It was acquired by Rocket Software, back in 2021, and it should be a good cultural match with Rocket: both companies are long-established and focus on customer experience. This comment by P. Gary Gregory, President of the Database and Connectivity Business Unit at Rocket Software, fits well with what I know of Uniface too: “This isn’t just a technological match, but also a philosophical one. Both companies are in their fourth decades and are recognized leaders in their respective fields who share a passion for putting their customers first. Rocket extends our core values of Empathy, Humanity, Trust and Love to Uniface customers and partners. We are excited to welcome a great new team to Rocket as we continue to expand our business around the world by creating legendary outcomes”.
Model-driven, low code platforms are not new – and there are increasingly many examples to choose from – which means that products like Uniface are tried and tested in the field and are proven to scale well. Actually, it’s not just scalability that matters, but achieving effectively “no limits” – not just limitations in the size of applications, but no limitations around business complexity either, as if there are limits you will hit against them. Uniface also supports the “start small and grow with success” implementation model – it has a free community edition – which is very welcome. It is rather interesting that one of its current competitors, Mendix, also started in the Netherlands.
Do I have any concerns about considering something as established as Uniface? Well, not around its age, Uniface hasn’t stood still and has actively modernised over the years. I suppose that I prefer “no code” to “low code”, and Uniface is definitely “low code”, but its productivity gains over conventional procedural programming are easily sufficient to keep it in the game (and some people prefer low code to no code anyway). I suppose that standardisation and interoperability are the elephants in the room for non-procedural higher-level languages – how proprietary are they and how easy is it to define and test an exit strategy – but, although an issue to be aware of, I don’t see this as an especial issue for Uniface. Especially as it has put a lot of effort into making its developer user experience reasonably familiar to Microsoft/Eclipse developers.
What I do see as an issue is the possible siloisation of development approaches. Even conventional coding has a place (access to libraries of pre-built components makes it more productive these days), even if I think that low- or no-code approaches are usually more useful, largely because they let developers focus on solving business, instead of coding, problems (although their productivity plays a part here, too). But what of rule-based approaches? Robotic Process Automation (RPA)? Workflow? ERP (which may include RPA and workflow features)? And so on. These approaches are often treated as incompatible silos and if an organisation adopts several of them, using each where it is most appropriate, the teams involved probably don’t talk to each other (especially if a business group acquires a no-code product without talking to the IT group). This can result, at best, in the use of less effective development technologies; at worst, to an organisation that isn’t agile and can’t manage effectively the changes needed to accommodate its business customers. As an aside, this doesn’t mean that I’m against end-user IT, “grey IT” or whatever – just as long as the IT group is aware of its use and has appropriate input. And doesn’t sabotage non-code approaches with a “not invented here” attitude.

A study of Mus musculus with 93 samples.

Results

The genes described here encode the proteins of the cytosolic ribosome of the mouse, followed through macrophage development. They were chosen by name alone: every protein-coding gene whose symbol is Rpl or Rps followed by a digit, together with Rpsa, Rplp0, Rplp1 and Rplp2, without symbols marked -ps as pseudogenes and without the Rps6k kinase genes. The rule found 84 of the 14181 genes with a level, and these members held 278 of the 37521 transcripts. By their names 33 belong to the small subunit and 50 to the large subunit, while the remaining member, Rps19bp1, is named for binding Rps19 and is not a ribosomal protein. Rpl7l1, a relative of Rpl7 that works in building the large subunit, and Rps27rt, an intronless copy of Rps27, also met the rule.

Bloor believes in the Mutable Business, in a constant state of evolution. Evolution means that applications (or, at least, their associated user experiences) are constantly changing – and the business can’t afford to waste time on changes that aren’t directly useful for the business, don’t work, or which take several iterations in production before they deliver anything useful to the business. A change in the business, or an insight from analysis, results in a proposed Action which must be Automated (manual implementations, in general, are error-prone and don’t scale. So we talk about Action Automation, and about using the most effective tool for the automation. If development is silo’d, there is a strong risk that the most appropriate tool won’t be used.
That said, since many Mutable changes will be around user experience and need to be implemented quickly and reliably, low code approaches like Uniface (and others, such as Mendix and OutSystems) might be among my first ports of call. Just not necessarily my only ports of call.